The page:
The weather this week has been sunny, but according to the weather app on my phone, the rain is supposed to return on Sunday and Monday.


It feels like it has been so long since we have had any appreciable rain that people have forgotten how to drive in it. Don’t go splashing through a puddle and expect your brakes to work, no matter how much fun it is.


It doesn’t matter how much it rains in the valley; what counts is how much snow accumulates in the mountains.


The Madera Irrigation District’s ability to deliver water to the farmers this summer is what counts.


Cali gets about 278 days of sunshine per year according to DuckDuckGo. We are spared the horrific weather felt on the East Coast.


The year we lived in Nashville, it rained almost every day during the summer. I had never seen rain in the summer. The heat wasn’t too bad, but the humidity was killer.


I often think of the road not traveled.


The only time in my life when I lived somewhere other than Madera was the 10 months we spent in Murfreesboro, a suburb of

Nashville.


My father’s younger brother, Joe Warren Hill, had a successful insurance agency. He called and convinced his older brother, Claud Conley, and my dad, Oliver Ralph Hill, to move to Tennessee and join his agency.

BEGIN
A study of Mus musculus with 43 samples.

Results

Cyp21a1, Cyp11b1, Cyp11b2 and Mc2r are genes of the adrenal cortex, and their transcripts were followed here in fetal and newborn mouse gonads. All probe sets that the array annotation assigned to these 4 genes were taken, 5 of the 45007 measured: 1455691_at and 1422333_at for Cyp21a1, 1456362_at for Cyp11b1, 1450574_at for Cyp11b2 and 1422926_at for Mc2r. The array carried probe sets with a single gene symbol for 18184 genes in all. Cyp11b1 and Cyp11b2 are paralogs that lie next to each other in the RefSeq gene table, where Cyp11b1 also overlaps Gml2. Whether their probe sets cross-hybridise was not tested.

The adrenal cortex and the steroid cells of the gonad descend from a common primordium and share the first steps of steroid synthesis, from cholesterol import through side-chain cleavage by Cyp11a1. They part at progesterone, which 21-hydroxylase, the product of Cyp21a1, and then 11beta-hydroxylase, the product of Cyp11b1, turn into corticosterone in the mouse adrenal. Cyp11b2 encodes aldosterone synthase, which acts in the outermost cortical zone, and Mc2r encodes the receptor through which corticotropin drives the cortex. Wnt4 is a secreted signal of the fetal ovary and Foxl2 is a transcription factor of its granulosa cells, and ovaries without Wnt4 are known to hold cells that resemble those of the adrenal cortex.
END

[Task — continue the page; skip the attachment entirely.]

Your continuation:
It was the 1967-1968 school year. My brother Brian stayed in Madera to graduate with his class, and the rest of us moved to Murfreesboro.


Uncle Joe had two houses picked out adjacent to his, and we were all supposed to live happily ever after. My father already saw the writing on the wall. He knew working all day with his brothers and living next door to them was too much togetherness.


He chose a smaller house with almost no commute to the office. Living near my uncles and their families was more than Daddy could stand.


We went to a lot of parties at Uncle Joe’s and Aunt Betty’s house. I vividly remember an argument my dad’s sister Francis and my Uncle Joe had.


One minute they were arguing about a box camera borrowed and not returned. Then the quarrel turned to Uncle Joe’s favorite rant, the fact that Daddy hadn’t come home for his mother’s funeral.


Dad’s reasoning was since he didn’t come to see her when she was alive, he saw no point in coming to her funeral. He took us to the cemetery to put flowers on Jenny Mama’s grave. Daddy freaked when I stepped on it.


I’ve been back a few times since my favorite aunt and uncle, Nada and Pete Kirk live there. One year my cousin Lori took me to Graceland for my birthday.


It is ironic I wanted to come back to Madera because I missed Pete and Nada and their daughters Kary and Lori. Now they live near Nashville, and I am still out here.


I knew they would move as soon as Nada’s mother passed on and we spent as much time with them as possible.


Any travel money I have in my budget will be spent on a trip to Nashville. Pete and Nada are the closest things I have to my parents. I miss them terribly.